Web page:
On Friday morning, teachers, students and first responders will gather at Aztec High School remembering two innocent lives that were taken much too soon in a school shooting that happened one year ago.
One teacher inside of the school during the terrifying event is recalling her account in a book.
She hopes her words can show other teachers, that this can happen anytime and anywhere.
Irene Barry wrote ‘Surviving a Rural High School Shooting’, giving a teacher’s perspective of what happened that day.
It also includes her insight on what she believes worked that day and what could be improved if a tragedy like this were to ever happen again.
On December 7, 2017, police say William Atchinson entered Aztec High School around 8 a.m., disguised as a student carrying a backpack.
Inside of the backpack was a gun with multiple magazines, ammunition storage, and feeding devices.
Barry was inside her classroom teaching AP Language and Composition when the gunshots rang out and the school went into lockdown.
“I worried mostly about my family because they didn’t know what was going on for hours. What turned from 15 minutes until eight hours until we were actually released,” said Barry.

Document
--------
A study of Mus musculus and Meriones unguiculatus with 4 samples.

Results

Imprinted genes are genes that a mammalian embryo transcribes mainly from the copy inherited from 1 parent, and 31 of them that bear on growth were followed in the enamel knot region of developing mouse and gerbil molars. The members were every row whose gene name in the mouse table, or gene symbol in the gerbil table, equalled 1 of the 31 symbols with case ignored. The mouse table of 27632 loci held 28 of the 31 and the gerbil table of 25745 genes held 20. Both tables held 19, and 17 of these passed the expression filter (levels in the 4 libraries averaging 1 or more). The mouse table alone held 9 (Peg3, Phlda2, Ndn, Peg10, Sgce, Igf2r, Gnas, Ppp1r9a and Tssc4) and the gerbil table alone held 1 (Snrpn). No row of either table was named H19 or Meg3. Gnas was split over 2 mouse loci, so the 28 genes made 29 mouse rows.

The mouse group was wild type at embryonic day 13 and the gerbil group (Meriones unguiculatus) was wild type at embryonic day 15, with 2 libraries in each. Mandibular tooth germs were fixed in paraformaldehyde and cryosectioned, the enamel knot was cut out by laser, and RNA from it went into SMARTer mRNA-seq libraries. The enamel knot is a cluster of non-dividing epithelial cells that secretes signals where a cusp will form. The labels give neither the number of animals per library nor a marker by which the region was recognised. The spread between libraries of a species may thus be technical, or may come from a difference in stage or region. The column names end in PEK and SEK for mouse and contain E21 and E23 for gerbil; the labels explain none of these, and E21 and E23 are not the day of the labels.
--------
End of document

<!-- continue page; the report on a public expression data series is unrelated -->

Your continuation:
In that span of time, Barry and her 22 students were forced to stay in their classroom, unsure of what was actually going on.
“Students were very scared because social media was pumping out a lot of incorrect information. I just tried to keep them calm and let them know that I’ve been through active shooter training,” said Barry.
Barry used that active shooter training for one particular incident, which she recalls in the book.
“We were told on the radio only to open the door when the key was inserted. When the sheriff’s department came to my door, there was no key being inserted. They were hollering for me to open the door and I hollered back that we are not allowed to open the door. The principal came up and told me to open the door and I again said we aren’t supposed to open it because we do not know who is on the other side of that door,” said Barry.
Barry recalls training like this and adds more examples of how to protect students throughout the book.
It’s what she believes should be done going forward.
“In any tragedy such as this that there’s always room to grow,” said Barry.
Plus, she believes sharing her personal experience is also what will make the book useful for teachers throughout the country and could potentially save lives.
“If they read the book they’ll at least know one account of what happened that particular day and take that and be prepared for their students in their classroom,” said Barry.
On Friday morning at 8 a.m., teachers, students, community members, and law enforcement will come together for a breakfast in the gymnasium to remember Casey Jordan Marquez and Francisco Fernandez, the victims from that shooting tragedy.